The ECS P55H-A uses a American MegaTrends Inc. BIOS and we are using BIOS version 09/08/17. ECS has not released any new BIOS updates as of November 11, 2009.
The first screen users will see when the enter the BIOS is the main menu above. This menu includes the usual suspects — standard CMOS setup, advanced setup, advanced chipset setup, integrated peripherals, and power management setup to name a few. Their overclocking options are available under M.I.B. II, which stands for MB Intelligent BIOS II.
The Standard CMOS Setup menu includes the data, time, and SATA and IDE devices that are connected to the system.
The Advanced Setup menu has a few key items that users will need to know about if they want to overclock their LGA 1156 processor. The first one is Enhanced Halt (C1E) because this is a power-saving option that should be disabled during overclocking. There is also a section for enabling or disabling Intel’s TurboMode function, which we recommend to leave enabled until you want to overclock your system. Intel EIST, better known as SpeedStep, should also be disabled during overclocking.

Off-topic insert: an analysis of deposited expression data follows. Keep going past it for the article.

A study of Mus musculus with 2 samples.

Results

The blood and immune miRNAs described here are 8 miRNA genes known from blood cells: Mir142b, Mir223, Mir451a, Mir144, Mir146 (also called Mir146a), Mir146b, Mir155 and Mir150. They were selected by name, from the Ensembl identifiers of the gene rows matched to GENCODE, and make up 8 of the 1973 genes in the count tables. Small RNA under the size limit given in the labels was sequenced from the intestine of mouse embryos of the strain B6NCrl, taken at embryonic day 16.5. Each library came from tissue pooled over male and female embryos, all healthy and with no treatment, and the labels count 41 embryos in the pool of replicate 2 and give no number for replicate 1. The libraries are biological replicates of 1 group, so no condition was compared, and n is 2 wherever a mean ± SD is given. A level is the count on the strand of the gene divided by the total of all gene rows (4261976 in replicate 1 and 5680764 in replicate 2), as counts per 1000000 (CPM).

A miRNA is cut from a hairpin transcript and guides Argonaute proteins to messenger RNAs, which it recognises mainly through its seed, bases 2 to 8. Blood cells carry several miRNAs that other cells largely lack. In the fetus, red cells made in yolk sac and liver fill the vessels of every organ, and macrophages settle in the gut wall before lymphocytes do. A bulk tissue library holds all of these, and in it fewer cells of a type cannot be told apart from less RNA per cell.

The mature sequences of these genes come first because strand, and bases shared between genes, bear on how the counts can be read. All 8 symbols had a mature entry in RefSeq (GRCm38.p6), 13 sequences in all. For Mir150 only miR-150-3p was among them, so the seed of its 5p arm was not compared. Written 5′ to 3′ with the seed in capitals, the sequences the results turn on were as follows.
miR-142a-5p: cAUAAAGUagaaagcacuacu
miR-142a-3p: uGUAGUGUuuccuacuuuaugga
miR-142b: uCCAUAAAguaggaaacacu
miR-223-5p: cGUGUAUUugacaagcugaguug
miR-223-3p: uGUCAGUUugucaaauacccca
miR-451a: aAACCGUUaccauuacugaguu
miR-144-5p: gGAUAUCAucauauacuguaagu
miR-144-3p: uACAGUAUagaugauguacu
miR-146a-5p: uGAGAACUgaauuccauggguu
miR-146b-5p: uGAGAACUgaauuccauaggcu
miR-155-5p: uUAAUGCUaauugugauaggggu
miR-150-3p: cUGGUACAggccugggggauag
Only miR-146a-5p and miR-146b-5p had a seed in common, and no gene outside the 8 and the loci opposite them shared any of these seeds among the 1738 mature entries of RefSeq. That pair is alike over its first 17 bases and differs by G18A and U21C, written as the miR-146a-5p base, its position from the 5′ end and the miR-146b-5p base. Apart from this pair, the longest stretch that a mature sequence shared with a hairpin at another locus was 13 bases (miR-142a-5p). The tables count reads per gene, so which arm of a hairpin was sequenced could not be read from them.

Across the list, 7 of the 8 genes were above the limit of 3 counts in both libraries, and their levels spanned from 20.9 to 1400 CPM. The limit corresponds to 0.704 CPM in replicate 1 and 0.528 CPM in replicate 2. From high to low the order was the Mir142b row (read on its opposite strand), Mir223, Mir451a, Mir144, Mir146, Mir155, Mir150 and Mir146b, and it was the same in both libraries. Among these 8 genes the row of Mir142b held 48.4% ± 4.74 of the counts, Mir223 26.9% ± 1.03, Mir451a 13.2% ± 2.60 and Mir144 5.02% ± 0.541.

The Advanced Chipset Setup menu only has one option for allowing remapping of the PCI memory over the total physical memory.
The Integrated Peripherals menu includes options for configuration the motherboard’s SATA, SATA2 controller, audio, LAN, USB, and serial port features.
The Power Management Setup menu includes many typical features we’ve seen on tons of boards so we won’t dive too far into this menu set. Suffice to say, users with specific power management needs know how to configure these options above and use them to their benefit.
The PC Health status menu includes system temperature information, CPU fan speeds, system fan speeds, and some voltage information for the CPU and DIMMs. This is a pretty paltry offering and many overclockers might be turned off by the scarce amount of data available in this section.
Finall, we reached the overclocking options that are available for the P55H-A.
This section allows users to set the CPU clock speeds and system bus speeds to enhance the system’s overall performance.
The Performance Level option allows users to manually set the CPU multiplier in Enhanced mode.
The DRAM frequencies supported by this board include 800, 1066, 1333, and 1600MHz. Be careful about changing these settings because they are connected to other features in the memory like timings and command rates.
Users can enable the CPU Over-clocking function to gain access to the CPU base clock. This is where most basic and intermediate overclockers start when they want to overclock their CPUs.
The bottom of the M.I.B. II menu includes the current CPU multiplier settings, memory frequencies, memory timings, and voltage information for the CPU Vcore, CPU VTT, VDIMM, and Chipset (PCH).